Storm Kathleen set to bring 70mph winds as parts of UK bask in 22C heat


Storm Kathleen is expected to bring heavy gusts and rain - and the highest temperatures of year so far, as it hits the UK today.

Pushing in from the Atlantic, the storm is set to bring gusts up to 70mph to Northern Ireland and the west of Britain as temperatures could reach up to 22C (72F) in the east.

Large waves are also likely to strike parts of the coastline, with some heavy rainfall striking overnight into Saturday morning.

A yellow weather warning for wind is in effect from 8am to 10pm, and covers Cornwall, much of Wales, parts of Lancashire and Cumbria, and up into central Scotland and Northern Ireland.

Pic: Met Office

As of Friday evening, the Environment Agency issued 15 flood warnings – where flooding is “expected” – and 124 flood alerts in England.

Forty-three red cautions for strong streams on the River Thames, advising boat users not to navigate through the London waterway, are also in place.


The Met Office’s shipping forecast has 20 gale warnings in place for sea areas including Viking, Plymouth, Biscay, Sole and Lundy.

Pic: Environment Agency
Pic: Environment Agency

Pic: National Resources Wales
Pic: National Resources Wales

In its weather alert, the Met Office said Storm Kathleen is expected to bring winds of between 50mph and 60mph quite widely, while some Irish Sea coastal regions will see gusts of up to 70mph.

It warned there was a risk of “injuries and danger to life” from large waves and beach material being thrown on to sea fronts, coastal roads and properties.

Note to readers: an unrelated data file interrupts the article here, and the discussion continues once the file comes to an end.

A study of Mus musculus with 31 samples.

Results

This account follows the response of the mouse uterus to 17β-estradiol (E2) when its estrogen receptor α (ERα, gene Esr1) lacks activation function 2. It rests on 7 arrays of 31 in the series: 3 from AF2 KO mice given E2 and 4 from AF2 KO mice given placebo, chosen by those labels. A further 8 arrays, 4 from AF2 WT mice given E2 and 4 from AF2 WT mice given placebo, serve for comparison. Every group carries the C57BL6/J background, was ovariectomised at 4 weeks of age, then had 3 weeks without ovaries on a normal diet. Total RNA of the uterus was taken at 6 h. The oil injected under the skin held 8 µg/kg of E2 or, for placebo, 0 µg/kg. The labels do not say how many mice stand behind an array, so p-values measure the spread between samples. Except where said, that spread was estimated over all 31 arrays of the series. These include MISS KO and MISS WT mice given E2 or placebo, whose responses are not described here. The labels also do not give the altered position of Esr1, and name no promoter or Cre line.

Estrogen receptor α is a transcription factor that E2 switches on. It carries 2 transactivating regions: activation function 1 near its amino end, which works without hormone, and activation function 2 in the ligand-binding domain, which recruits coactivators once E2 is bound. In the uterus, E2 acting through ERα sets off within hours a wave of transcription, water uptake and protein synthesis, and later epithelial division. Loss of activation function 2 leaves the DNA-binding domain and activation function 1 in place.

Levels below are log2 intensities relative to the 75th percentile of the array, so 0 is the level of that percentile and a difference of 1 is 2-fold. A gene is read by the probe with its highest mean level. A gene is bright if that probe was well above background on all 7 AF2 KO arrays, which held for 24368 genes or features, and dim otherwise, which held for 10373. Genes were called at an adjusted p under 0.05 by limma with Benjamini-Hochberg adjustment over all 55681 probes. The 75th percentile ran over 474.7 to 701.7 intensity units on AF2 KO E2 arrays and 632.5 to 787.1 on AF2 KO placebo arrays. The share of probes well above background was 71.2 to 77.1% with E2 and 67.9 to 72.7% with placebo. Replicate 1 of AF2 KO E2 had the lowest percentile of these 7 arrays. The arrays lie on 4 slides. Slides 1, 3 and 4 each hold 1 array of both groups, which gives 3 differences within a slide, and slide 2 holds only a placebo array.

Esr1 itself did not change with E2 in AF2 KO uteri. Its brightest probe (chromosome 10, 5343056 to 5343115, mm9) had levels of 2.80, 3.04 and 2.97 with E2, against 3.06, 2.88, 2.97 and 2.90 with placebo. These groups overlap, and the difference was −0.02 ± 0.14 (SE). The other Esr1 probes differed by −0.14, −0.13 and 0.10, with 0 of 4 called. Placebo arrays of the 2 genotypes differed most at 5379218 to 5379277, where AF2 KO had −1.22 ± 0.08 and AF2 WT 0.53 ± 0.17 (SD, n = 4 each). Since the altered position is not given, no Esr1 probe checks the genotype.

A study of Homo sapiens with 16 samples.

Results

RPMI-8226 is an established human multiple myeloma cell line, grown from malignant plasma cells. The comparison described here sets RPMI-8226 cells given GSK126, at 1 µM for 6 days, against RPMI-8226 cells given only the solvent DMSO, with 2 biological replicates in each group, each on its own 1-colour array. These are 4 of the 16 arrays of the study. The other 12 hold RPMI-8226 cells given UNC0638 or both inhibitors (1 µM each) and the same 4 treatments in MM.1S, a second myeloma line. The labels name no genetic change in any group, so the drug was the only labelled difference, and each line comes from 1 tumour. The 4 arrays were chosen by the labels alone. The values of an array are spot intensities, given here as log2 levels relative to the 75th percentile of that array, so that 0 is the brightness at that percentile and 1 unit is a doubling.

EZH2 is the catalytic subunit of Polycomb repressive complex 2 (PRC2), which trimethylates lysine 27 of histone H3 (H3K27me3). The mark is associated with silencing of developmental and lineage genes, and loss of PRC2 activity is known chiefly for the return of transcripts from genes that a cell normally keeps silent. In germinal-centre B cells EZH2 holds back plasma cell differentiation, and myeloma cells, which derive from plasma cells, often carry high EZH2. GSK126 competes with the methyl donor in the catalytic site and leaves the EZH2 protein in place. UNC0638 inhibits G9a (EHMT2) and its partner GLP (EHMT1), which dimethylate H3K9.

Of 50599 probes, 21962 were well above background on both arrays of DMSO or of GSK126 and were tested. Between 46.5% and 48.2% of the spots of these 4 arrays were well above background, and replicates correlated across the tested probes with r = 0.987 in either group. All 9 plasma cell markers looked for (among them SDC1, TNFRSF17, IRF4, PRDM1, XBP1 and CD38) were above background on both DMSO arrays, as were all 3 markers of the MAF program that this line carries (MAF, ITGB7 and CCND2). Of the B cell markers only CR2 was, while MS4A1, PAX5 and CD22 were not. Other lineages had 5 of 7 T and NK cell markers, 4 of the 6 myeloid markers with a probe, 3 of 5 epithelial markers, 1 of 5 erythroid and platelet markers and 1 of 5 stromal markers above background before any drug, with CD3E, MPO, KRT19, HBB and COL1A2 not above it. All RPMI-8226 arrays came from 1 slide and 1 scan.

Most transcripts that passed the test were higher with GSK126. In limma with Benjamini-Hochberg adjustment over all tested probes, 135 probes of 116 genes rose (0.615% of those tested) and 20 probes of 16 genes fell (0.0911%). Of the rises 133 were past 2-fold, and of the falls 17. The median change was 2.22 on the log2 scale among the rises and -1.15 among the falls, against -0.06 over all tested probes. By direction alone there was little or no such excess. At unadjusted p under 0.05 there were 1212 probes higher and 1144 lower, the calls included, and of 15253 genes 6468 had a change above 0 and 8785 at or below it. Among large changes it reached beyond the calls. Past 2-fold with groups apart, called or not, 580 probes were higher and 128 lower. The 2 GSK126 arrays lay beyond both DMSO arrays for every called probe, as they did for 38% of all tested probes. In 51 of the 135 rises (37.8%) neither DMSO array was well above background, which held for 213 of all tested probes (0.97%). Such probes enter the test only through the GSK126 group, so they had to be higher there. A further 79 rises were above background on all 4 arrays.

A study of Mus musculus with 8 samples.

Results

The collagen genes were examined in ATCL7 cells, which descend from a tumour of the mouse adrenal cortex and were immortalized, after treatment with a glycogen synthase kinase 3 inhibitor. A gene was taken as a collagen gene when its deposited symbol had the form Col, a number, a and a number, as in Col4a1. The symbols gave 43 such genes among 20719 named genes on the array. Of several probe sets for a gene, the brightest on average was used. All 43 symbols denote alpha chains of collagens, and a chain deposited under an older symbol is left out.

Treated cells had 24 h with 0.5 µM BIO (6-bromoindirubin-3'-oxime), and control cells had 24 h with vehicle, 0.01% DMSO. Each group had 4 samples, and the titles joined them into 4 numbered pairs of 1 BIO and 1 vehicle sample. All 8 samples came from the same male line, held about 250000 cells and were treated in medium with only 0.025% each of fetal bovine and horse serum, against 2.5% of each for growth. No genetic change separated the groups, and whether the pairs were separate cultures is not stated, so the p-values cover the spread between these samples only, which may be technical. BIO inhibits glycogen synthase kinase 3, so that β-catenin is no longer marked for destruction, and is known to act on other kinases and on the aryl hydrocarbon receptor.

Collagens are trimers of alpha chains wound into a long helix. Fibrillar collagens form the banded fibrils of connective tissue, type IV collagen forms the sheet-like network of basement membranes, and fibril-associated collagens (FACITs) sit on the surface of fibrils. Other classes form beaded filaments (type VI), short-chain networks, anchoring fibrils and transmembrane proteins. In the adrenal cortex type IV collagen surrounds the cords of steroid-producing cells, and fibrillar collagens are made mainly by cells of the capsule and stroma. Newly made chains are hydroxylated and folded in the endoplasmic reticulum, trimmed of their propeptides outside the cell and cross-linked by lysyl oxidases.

Road, rail, air and ferry services may be affected, with longer journey times and cancellations possible.

There could also be power cuts and mobile phone coverage may be affected.


While winds are high across the UK, Met Office meteorologist Ellie Glaisyer said that temperatures are likely to reach up to 22C (72F) in East Anglia – which would make Saturday the hottest day of the year so far.

She explained that Storm Kathleen “is the reason we are seeing the warmer temperatures, because the location of the storm – situated out towards the west of the UK – is bringing a southerly wind across the UK”.

Ms Glaisyer added that “the further west you are, where those strongest winds are in that yellow warning area, despite the temperatures being above average it will feel a little colder”.

Waves crashing in Dover, Kent, during Storm Ciaran in November 2023. File pic: PA
Waves crashing in Dover, Kent, during Storm Ciaran in November 2023. File pic: PA

The highest temperature of the year so far was 19.9C (68F), recorded at the end of January at Achfary in northwest Scotland.

London is set to experience 20C (68F) by midday, making it hotter than Nice in France and Portugal’s capital Lisbon which will reach 18C and 17C respectively, according to Met Office forecasts.


Cork, Kerry, Galway and Mayo are under an amber alert, meaning “very difficult travel conditions” and potential fallen trees, power outages and coastal flooding.